Martin McDonagh has wowed critics and audiences with his most recent feature “Three Billboards Outside Ebbing, Missouri.” With a solid cast and a pretty good track record of successfully interweaving the dark and hilariously funny into great cinema, McDonagh has reached again for the high bar he’s set himself.
Following the perfect balance of In Bruges (2008) and the mixed, but overly positive reception of Seven Psychopaths (2012), the hype surrounding Three Billboards primed audiences for McDonagh at his best. So much of the film hits the mark. Frances McDormand gives an outstanding performance (as we’ve come to expect). Her comic timing is on point, while still remaining heartfelt and fiery. Sam Rockwell’s contemptable and bigoted character is minimally flawed but overall, he brings his usual solid performance, however uncomfortable it may have felt to allow him some sort of redemption towards the end.
The pace of the film suggests that it’s another “doesn’t do much but says a lot” endeavour, and perhaps that was what McDonagh intended. However instead, what is served up is more: “doesn’t do much, doesn’t say much, and what it does start to say, it skims over and look: there’s Sam Rockwell playing a racist yokel and listening to Abba.”
Three Billboards grapples with issues that struggle to lend themselves to the dark humour that has worked so well for McDonagh in that past. The film does, however shine a light on the complacency even now, with issues surrounding race and sexual abuse and the flippant reactions to these types of issues that are still prevalent today. An interesting story to pursue, but one that doesn’t quite break through the marginally stereotyped characters and setting.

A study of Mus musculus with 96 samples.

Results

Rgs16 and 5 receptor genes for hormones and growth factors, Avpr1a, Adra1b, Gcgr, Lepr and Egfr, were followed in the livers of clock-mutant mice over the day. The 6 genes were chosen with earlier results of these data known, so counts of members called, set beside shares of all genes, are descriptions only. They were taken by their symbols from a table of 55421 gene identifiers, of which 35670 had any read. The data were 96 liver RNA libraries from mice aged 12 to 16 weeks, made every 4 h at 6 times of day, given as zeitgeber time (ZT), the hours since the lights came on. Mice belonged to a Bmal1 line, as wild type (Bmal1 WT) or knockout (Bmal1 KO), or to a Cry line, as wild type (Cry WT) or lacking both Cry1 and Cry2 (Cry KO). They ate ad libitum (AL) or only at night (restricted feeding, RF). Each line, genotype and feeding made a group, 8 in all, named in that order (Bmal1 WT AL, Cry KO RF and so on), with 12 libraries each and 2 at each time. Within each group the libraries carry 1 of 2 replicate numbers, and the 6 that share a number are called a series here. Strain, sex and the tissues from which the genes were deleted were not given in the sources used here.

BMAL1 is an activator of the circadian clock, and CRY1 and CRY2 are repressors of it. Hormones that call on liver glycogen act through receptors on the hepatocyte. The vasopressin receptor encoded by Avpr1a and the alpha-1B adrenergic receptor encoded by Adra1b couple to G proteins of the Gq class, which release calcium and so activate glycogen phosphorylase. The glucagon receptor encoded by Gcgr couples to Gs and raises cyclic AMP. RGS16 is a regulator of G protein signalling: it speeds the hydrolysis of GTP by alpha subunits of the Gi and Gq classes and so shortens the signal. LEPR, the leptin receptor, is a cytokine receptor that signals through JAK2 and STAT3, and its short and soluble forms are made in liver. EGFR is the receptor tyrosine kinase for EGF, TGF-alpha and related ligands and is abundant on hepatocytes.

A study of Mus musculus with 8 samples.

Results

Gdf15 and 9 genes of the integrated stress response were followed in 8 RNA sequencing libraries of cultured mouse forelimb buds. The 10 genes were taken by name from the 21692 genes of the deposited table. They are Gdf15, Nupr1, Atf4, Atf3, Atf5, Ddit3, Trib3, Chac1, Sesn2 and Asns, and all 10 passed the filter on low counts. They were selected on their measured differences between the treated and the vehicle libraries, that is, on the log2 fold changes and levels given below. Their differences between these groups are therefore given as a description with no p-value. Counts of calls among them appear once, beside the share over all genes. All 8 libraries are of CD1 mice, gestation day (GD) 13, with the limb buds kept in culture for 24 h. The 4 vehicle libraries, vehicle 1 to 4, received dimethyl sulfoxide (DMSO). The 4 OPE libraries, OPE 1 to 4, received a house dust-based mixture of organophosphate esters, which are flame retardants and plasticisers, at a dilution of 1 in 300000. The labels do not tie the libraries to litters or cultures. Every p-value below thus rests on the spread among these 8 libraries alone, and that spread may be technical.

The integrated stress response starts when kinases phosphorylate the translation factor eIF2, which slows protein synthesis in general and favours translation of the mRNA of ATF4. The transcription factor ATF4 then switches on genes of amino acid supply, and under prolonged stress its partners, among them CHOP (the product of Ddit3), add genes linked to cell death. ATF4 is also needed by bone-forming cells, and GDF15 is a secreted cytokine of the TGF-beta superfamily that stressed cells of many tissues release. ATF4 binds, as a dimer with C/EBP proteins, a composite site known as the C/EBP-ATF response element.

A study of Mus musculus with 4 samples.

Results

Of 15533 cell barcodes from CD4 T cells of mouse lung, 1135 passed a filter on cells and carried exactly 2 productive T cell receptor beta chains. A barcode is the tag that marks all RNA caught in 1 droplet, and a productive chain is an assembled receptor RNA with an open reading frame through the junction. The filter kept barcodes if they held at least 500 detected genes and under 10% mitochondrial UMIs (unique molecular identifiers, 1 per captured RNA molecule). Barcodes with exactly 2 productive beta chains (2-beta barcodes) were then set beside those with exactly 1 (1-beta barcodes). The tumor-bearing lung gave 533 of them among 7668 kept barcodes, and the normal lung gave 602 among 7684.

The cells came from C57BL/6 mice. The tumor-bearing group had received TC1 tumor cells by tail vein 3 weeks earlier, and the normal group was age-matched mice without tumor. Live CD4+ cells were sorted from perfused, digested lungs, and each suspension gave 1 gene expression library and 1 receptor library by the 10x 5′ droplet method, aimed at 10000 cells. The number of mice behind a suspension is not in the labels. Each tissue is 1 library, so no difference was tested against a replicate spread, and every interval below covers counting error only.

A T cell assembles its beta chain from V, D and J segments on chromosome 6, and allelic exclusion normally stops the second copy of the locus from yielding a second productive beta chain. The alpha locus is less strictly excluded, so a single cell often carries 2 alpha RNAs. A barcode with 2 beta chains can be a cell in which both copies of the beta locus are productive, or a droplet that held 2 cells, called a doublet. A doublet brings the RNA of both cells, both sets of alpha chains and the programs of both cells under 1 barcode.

The overarching feeling at the end of the film is that of responsibility and blame. Woody Harrelson’s character, Willloughby is singled out as the face of the authorities; Red (Caleb Landry Jones) is targeted as the face of advertising and an unknown offender is hunted down as an individual representing a collective. In the world of the film, all of these people are “culpable” (McDormand’s finest moment) whether or not they are directly involved in the specific events explored. There’s a need for a face and a name to be linked to these events. Something the characters can see, control and hold accountable.
What McDonagh has achieved is a subtle comment on issues surrounding race, sex and the human condition in a culture that is fearful of an increasingly real possibility of political powers that be and those part of “the gang” stunting the socio-cultural growth of the Western World but also fear of the realisation that it may have not come as far as it thought.
To see why it was acclaimed so highly is understandable, however Three Billboards seems to be a somewhat mediocre film supported and raised above the bar by its extremely talented cast rather than the story itself.